Indigenous Advocate & Bestselling Author
Assistant Professor of Métis Studies, York University
Jesse Thistle is a Métis-Cree Ph.D. Candidate in the History program and Assistant Professor at York University, Toronto. Currently, he is working on theories of the intergenerational and historical trauma of the Métis people. Jesse’s work involves reflections on his own previous struggles with addiction and homelessness and has been recognized as having a wide impact on both the scholarly community and the greater public.
Thistle was born in Prince Albert, Saskatchewan. In 1979 he and his two brothers were removed from his family home and moved to Brampton, Ontario to be brought up by his paternal grandparents. During his late teens and twenties, Thistle struggled with addiction, homelessness, and served several brief stints in jail for petty theft. After an unsuccessful robbery attempt in 2006, Thistle turned himself in to police custody and entered a drug rehabilitation program. In 2012 he entered the undergraduate history program at York University.
Thistle is a Trudeau Scholar, a prestigious award administered by the Pierre Elliott Trudeau Foundation, a Vanier Scholar, and was awarded a Governor General’s Silver Medal in 2016. He has won numerous other awards, including the Odessa Award in 2014 and the Dr. James Wu prize in 2015 for his paper “We are children of the river: Toronto’s Lost Métis History,” and in 2019 became an Atlohsa Peace Award Honoree.
In 2019, Jesse published his autobiographical and acclaimed book “From the Ashes: My Story of Being Métis, Homeless and Finding My Way,” which went on to be a #1 bestseller as well as nominated for Canada Reads. Jesse is the author of the Definition of Indigenous Homelessness in Canada published through the Canadian Observatory on Homelessness, and his historical research has been published in numerous academic journals, book chapters, and featured on CBC Ideas, CBC Campus, and Unreserved.
Thistle is married to Lucie Thistle.
Jesse Thistle may have come out of hardened street life but he’s a hopeless romantic. Two of his favourite films are Notting Hill and Titanic.
Using three dramatic instances of courage—one that has an odd connection with Jagmeet Singh’s family—throughout his life, Jesse will show how courage can be found in such odd places and during terrible events only to rise out of it to have a more complete understanding that courage, ultimately, needs vulnerability and that your world will expand in proportion to your courage.
The opposite of addiction is not sobriety but the human connection. Jesse will show how through re-establishing social, physical, emotional, and spiritual connections with positive role models, peers, institutions, and family and friends, one can truly get better from social dislocation, cultural separation, bad choices, and achieve monumental things. Jesse knows the power of connection first-hand and how it can take someone from an active addict-criminal to a world-renown author and professor, and happily placed husband and father.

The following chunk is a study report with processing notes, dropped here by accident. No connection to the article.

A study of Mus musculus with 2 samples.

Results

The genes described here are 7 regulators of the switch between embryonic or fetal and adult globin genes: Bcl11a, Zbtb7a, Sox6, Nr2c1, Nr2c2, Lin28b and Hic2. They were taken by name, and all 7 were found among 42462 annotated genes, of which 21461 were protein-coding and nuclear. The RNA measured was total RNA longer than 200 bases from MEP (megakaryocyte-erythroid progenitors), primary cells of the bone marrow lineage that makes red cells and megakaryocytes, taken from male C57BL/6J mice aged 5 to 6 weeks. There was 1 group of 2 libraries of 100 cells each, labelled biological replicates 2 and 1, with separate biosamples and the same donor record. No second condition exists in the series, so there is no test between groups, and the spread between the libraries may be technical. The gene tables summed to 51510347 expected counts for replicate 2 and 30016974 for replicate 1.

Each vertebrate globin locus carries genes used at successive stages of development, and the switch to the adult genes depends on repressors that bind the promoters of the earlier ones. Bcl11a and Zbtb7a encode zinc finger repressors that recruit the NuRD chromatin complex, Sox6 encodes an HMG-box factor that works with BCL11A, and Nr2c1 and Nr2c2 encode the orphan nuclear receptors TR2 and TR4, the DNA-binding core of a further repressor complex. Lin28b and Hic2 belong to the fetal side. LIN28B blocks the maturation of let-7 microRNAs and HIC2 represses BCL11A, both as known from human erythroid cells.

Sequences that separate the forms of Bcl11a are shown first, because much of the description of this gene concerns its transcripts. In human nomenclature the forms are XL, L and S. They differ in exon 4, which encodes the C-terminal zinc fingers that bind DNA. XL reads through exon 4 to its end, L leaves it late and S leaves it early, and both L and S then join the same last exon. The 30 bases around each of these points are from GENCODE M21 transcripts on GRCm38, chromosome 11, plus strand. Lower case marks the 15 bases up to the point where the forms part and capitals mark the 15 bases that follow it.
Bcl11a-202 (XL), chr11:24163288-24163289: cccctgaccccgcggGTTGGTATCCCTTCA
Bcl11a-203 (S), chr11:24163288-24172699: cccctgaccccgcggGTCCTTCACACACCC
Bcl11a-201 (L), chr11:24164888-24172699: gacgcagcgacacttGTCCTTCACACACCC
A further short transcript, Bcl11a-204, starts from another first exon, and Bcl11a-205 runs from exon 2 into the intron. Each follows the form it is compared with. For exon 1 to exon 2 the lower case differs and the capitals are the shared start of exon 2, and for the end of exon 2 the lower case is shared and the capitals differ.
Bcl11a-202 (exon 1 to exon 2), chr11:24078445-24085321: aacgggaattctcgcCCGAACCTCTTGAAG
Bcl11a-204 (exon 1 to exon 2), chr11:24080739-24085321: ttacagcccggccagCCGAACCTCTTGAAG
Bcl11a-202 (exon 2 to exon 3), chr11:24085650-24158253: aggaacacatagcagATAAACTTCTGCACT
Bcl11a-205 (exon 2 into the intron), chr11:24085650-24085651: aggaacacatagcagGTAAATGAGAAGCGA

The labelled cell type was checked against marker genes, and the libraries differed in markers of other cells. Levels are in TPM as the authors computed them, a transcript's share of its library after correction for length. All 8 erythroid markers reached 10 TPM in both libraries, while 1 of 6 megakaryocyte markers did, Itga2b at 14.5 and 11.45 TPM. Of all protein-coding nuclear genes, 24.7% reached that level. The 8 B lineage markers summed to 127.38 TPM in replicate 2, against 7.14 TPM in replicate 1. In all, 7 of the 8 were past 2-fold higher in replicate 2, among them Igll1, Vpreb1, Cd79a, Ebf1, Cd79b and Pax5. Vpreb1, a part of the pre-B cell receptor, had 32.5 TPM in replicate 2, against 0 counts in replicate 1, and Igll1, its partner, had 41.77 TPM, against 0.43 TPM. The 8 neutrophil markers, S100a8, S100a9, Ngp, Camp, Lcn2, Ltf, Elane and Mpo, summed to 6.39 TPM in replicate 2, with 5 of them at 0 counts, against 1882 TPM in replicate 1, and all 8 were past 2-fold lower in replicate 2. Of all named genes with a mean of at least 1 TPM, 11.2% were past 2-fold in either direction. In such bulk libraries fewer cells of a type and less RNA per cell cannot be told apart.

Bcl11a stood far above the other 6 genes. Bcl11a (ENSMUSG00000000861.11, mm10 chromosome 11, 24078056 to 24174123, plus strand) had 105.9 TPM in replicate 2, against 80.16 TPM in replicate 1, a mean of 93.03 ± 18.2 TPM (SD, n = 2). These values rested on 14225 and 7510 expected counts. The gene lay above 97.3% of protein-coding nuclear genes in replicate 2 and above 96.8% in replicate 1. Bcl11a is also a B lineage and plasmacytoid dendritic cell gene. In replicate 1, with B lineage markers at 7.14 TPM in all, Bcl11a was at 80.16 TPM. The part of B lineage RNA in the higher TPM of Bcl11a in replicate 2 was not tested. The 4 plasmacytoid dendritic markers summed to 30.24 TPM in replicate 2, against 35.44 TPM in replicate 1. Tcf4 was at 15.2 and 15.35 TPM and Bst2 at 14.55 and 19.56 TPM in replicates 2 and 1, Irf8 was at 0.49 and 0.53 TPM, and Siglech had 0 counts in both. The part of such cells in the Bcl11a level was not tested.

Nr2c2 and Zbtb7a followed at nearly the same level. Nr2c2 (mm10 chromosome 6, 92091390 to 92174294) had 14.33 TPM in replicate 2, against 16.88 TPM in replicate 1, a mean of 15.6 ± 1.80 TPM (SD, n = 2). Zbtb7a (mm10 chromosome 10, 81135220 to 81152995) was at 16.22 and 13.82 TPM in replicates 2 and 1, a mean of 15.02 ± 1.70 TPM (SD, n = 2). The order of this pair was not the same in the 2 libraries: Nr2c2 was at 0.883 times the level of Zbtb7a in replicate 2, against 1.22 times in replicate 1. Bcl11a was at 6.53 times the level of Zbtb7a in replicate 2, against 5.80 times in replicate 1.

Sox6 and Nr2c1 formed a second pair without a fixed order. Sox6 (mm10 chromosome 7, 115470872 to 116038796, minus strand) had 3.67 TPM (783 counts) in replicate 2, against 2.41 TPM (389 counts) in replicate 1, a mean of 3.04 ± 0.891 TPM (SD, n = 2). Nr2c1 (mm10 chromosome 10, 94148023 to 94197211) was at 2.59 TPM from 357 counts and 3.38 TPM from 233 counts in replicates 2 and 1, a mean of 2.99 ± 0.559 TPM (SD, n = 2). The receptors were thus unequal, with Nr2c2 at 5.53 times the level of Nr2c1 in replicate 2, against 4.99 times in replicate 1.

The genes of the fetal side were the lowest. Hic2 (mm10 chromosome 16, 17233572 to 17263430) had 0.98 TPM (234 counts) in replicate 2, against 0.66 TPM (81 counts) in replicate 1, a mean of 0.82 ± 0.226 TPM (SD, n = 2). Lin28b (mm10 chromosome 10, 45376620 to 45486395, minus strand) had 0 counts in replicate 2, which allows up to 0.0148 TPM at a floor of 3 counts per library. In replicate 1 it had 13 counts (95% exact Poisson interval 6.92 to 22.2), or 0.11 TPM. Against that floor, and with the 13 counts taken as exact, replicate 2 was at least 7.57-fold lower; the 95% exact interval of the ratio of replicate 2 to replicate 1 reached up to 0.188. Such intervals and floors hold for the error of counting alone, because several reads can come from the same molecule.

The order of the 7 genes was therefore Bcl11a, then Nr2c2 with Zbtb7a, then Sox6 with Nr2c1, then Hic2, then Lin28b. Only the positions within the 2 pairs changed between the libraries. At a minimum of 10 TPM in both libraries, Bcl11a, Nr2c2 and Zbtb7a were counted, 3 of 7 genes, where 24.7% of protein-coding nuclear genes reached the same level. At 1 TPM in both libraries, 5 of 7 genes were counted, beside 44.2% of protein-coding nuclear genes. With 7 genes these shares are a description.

Years and years of historic trauma and the mental health challenges that have sprung from it plague Jesse’s maternal and paternal families. Jesse will walk the listeners through his family history and will draw out examples of his and his family’s resiliency in the face of Canadian colonization. He will also chart out a pathway to wellness using his own lived experiences in the nation’s health and social service institutions and show that valuing our resiliency takes us from a victimhood narrative to an empowered forward-looking survivor narrative critical to positive goal setting for the future.
Many times, Jesse, if you’ve read the international bestseller From the Ashes, almost died while cycling through the justice and homeless institutions in our country. Most would think shelter, freedom, or food were the most pressing issues for survival then, but Jesse will show how it was actually kindness—both from people he knew and total strangers—that ultimately saved his life numerous times. A lesson he wants to bring audience members, especially as Covid has made many of our fuses shorter.
One of the most important lifelines to helping someone struggling with addictions and social dislocation is to allow them the space and knowledge that they hold the power of ultimate change. They hold the power of choice. Of course, as Jesse will show, you also need people to help you change, but, truthfully, it is secondary to someone making the decision to change—you need this first and foremost. Jesse will show in multiple ways how we all are the masters of our future.
Jesse shares his family’s story in the Metis Nation – Bison hunting, the Northwest Resistance, and then the fallout of the Road Allowance Era, the remnants of which he saw as a child in Saskatchewan. Jesse eloquently describes both the macro issues impacting Metis, as well as the micro-social aspects of how policy directly impacted and marginalized Michif for over 100 years.